Richard Stowell, Ph..D.
Department of Food, Agricultural, and Biological Engineering
A progressive dairy producer must consider ways of handling and managing manure that will prove reliable, efficient and economical into the coming years. Unfortunately, there is no single system of choice that will satisfy the needs of the variety of operations in place today or being planned. Experience and research have improved our ability to evaluate systems and make recommendations, however, and I will summarize a few of those key points.
The choice of bedding material is critical to the implementation of a good manure handling system. Changing a system of facilities to handle manure that is laden with a bedding material that was not accounted for in the systems design is very frustrating and potentially costly, if not unworkable.
The design of stall bed used in freestalls largely determines the bedding material that is selected. Two stall-bed designs have risen to the top as the choices of managers seeking cow comfort: the deep bed of sand and the baffled mattress with a covering of loose bedding, usually wood shavings or some other organic material. On the basis of cow comfort and performance alone, sand-based stalls have advantages over their mattress-based counterparts when given similar management attention. Producers need to evaluate (obtain an evaluation of) the expected costs/benefits of each of these designs to cow performance on their own operation.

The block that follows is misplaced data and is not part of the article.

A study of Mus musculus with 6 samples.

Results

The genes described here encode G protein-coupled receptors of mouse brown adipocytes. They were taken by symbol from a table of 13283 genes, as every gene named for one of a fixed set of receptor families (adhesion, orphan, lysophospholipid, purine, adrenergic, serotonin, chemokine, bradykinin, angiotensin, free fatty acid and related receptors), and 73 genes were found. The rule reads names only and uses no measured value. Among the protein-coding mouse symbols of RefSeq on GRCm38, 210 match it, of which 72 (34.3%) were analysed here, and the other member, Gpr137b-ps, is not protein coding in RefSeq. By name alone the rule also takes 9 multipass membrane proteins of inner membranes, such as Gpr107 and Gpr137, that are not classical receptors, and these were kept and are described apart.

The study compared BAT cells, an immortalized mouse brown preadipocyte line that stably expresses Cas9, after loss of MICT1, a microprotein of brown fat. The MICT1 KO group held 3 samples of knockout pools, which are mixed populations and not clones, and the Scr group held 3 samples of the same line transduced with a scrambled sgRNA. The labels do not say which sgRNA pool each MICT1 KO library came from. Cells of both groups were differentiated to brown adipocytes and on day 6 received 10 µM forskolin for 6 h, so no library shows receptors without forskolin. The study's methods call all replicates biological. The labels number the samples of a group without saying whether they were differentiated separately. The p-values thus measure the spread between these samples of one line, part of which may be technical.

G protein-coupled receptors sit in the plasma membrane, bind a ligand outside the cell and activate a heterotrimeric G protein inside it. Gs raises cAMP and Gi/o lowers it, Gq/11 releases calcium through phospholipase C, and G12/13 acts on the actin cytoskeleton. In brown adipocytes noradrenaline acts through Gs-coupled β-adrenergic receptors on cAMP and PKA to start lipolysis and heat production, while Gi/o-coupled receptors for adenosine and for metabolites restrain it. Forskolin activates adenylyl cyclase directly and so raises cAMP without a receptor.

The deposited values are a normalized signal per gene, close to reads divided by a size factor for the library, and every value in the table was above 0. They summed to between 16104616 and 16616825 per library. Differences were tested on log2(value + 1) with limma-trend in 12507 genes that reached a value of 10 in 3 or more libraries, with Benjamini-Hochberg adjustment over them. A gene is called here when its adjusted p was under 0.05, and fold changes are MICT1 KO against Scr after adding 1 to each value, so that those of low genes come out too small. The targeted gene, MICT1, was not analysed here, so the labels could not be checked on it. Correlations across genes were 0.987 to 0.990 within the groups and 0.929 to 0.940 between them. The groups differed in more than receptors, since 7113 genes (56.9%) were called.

Also, consider the available and preferred means of applying manure onto cropland. If all or most of the manure must be pumped a long distance, irrigated or injected, sand must be separated from the manure stream or mattresses should be used instead of sand-based stalls. On the other hand, if all or most of the manure is to be handled using a front-end loader and spread using a box or V-spreader, there is little or no advantage of handling loose manure from mattress-based stalls. In most cases, the available options for handling manure lie somewhere between these extremes, meaning either stall-bed design and bedding material could be used and comparisons should be made on an individual, system basis that includes producer preferences.
Given the bedding material, a handling system can be put together that suitably matches manure characteristics with prioritized facility and management needs. Sand-laden manure should be handled in one of the following ways:
Undiluted, within a covered, concrete storage,
In two or three steps (skim-and-haul) as liquid and solid, or as liquid, semi-solid and solid materials, using a storage with a concrete bottom and ramp, or
As a well-diluted liquid with the sand removed and handled separately.
Manure from freestall barns having mattress-based stalls can be handled in several ways. Opportunities exist to utilize gravity-flow transfer systems, centrifugal pumps, and slatted floors. The primary considerations revolve much less around the manure itself and more around labor requirements, local topography, and specific manure management constraints.